These blue dinosaur eggs indicate that the large prehistoric animals were closer to birds than originally thought.
A bird-like dinosaur may have laid blue eggs. [Photo by Tzu-Ruei Yang, The Paleowonders Museum of Fossils and Minerals, Taiwan]
What's so special about dinosaur eggs that happen to be blue, you ask? There have been long-standing assumptions that dinosaurs laid white eggs. Most birds and all reptiles do. Even the platypus and echidna, the only egg-laying mammals, lay white eggs. Robins are famous for their blue eggs, but this egg color may not make them all that special. After all, a dinosaur species did it first.
But, again, what's the big deal about egg color? Because most bird and reptile eggs were white, scientists assumed that colored eggs evolved in modern birds after non-avian dinosaurs went extinct. Also, the color of the eggs may indicate that fathers watched over the eggs instead of the mothers.
Fossilized eggshells from China indicate that an ostrich-like feathered dinosaur likely laid clutches of blue-green eggs.
A close-up of the eggs [Photo by Tzu-Ruei Yang, The Paleowonders Museum of Fossils and Minerals, Taiwan]
According to a new study, an oviraptor species named Heyuannia huangi laid these blue eggs, the color likely functioning as a camouflage. Heyuannia nests, after all, were open holes dug into the ground. Heyuannia had a beak like a parrot, walked on its hind legs, and had been about five feet long.
Fossilization, unsurprisingly, doesn't let dinosaur eggs keep their original color. Dinosaur egg fossils are either black or brown. However, the Heyuannia egg fossils had a blue tint to them. Scientists thus wanted to know if the egg shells retained at least some of their original color.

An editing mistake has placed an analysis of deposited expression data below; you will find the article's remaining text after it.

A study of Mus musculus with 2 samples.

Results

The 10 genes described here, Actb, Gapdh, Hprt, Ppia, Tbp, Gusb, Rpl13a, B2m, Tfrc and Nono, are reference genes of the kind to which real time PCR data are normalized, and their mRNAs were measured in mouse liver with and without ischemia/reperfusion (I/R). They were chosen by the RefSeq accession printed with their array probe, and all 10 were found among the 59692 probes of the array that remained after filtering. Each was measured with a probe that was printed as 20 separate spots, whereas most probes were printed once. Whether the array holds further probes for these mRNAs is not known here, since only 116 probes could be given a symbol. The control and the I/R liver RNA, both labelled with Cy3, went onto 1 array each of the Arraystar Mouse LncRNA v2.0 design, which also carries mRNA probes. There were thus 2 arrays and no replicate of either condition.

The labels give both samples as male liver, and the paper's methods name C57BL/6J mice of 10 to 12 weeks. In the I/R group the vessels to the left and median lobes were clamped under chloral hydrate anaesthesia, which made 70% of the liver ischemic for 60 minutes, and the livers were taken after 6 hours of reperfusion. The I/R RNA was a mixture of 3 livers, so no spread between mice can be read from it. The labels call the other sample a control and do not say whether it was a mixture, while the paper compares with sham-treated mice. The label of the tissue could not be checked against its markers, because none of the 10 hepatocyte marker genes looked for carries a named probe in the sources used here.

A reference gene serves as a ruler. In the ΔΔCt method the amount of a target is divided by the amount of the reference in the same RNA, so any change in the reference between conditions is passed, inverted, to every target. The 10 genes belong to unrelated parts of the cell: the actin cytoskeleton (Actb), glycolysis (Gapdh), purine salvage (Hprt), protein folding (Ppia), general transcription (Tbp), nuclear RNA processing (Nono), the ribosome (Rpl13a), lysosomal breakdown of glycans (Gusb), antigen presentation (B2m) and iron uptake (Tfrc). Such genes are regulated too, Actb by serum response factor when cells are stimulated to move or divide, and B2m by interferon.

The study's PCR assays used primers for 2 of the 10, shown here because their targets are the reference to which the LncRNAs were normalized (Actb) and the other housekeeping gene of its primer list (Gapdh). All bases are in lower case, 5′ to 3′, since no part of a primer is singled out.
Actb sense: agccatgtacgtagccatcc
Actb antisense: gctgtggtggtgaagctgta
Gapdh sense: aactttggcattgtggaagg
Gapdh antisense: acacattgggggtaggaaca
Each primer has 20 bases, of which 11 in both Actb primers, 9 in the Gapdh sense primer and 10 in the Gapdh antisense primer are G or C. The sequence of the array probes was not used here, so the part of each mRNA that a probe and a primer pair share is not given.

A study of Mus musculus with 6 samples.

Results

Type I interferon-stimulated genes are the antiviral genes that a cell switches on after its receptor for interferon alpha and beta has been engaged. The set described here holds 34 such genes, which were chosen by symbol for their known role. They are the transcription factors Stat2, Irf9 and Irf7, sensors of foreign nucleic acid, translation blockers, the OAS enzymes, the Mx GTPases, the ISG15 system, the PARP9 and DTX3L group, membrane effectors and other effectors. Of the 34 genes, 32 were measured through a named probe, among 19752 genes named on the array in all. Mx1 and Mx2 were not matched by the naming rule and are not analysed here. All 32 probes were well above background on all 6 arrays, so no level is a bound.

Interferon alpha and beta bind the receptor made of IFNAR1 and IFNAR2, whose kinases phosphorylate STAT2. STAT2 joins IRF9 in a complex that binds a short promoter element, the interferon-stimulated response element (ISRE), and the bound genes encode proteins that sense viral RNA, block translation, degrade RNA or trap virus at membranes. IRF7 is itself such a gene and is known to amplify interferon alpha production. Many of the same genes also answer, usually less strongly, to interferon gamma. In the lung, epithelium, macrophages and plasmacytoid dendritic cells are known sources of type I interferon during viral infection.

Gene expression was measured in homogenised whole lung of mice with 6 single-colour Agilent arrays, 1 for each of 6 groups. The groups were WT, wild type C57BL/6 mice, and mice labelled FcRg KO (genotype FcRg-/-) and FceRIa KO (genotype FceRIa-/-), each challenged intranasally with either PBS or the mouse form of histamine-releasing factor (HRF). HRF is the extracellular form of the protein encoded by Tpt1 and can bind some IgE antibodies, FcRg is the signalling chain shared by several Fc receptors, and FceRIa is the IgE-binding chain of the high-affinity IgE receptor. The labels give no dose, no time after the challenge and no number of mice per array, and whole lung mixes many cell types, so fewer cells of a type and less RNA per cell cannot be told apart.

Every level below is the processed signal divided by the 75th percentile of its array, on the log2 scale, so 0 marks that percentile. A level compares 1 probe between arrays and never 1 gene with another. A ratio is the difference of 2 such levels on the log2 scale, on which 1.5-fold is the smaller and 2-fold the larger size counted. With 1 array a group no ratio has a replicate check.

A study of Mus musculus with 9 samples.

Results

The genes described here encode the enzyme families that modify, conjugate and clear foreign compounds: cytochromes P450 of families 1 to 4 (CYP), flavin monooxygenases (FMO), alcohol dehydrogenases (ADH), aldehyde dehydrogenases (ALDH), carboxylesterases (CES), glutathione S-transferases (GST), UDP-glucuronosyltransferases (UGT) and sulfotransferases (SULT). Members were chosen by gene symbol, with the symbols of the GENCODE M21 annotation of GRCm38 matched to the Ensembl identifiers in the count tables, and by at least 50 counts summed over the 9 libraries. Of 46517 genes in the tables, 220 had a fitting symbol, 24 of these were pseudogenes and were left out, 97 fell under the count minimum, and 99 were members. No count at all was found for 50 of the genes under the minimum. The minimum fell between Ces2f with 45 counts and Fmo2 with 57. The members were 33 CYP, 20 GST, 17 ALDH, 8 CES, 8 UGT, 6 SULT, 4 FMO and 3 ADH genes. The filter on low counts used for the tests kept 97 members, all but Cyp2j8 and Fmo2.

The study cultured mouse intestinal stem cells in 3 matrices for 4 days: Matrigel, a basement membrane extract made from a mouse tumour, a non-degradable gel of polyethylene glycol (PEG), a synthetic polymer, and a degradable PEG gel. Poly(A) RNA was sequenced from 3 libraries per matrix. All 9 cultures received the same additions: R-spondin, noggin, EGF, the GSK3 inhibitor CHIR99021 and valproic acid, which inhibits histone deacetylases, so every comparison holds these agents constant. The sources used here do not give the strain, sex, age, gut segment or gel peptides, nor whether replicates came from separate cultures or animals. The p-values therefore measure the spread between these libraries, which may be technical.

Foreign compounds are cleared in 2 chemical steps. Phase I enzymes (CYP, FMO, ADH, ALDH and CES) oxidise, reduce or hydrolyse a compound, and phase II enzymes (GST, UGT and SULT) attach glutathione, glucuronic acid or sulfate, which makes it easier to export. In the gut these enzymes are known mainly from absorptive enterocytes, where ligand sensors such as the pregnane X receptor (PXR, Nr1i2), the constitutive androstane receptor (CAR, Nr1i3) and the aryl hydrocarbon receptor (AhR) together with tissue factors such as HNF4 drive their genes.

It was mass spectrometry that allowed the researchers to confirm that the eggs had indeed been blue. The researchers were able to find two pigments—biliverdin and protoporphyrin. These two pigments are present in modern bird eggs. Biliverdin, which comes from a bird's bile, causes a blue or green color. Protoporphyrin, meanwhile, gives egg shells a red or brown color, as well as speckles.
"We screened through lots of eggshells, and one day had a positive result for these oviraptor eggs,” says lead researcher Jasmina Wiemann. “It was a huge surprise. I couldn't believe it."
Confirming the color of the eggs also gave scientists an idea of what the behavior of Heyuannia could have been.
An emu father tends to his blue-green eggs. [Photo via Websters Wildshots]
Ostriches, cassowaries, and emus lay eggs whose color facilitate camouflage. These birds lay their eggs in large, open nests in the ground, much like the Heyuannia. Among ostriches, cassowaries, and emus, the fathers carry the task of watching over the eggs and making sure to keep danger away.
Thus, the color of the Heyuannia eggs indicate that the dinosaurs laid eggs in open pits in the ground, and that the fathers were the ones that watched over the eggs. Of course, we can't really be sure of this based on egg fossil evidence alone. However, previous studies have come up with similar findings.
These blue dinosaur eggs may just be the beginning. Wiemann is already planning on finding out if other dinosaurs with open nests also had colored, spotted, or speckled eggs. If she finds eggs like these, we may need to change the way we look at how birds evolved and how dinosaurs behaved.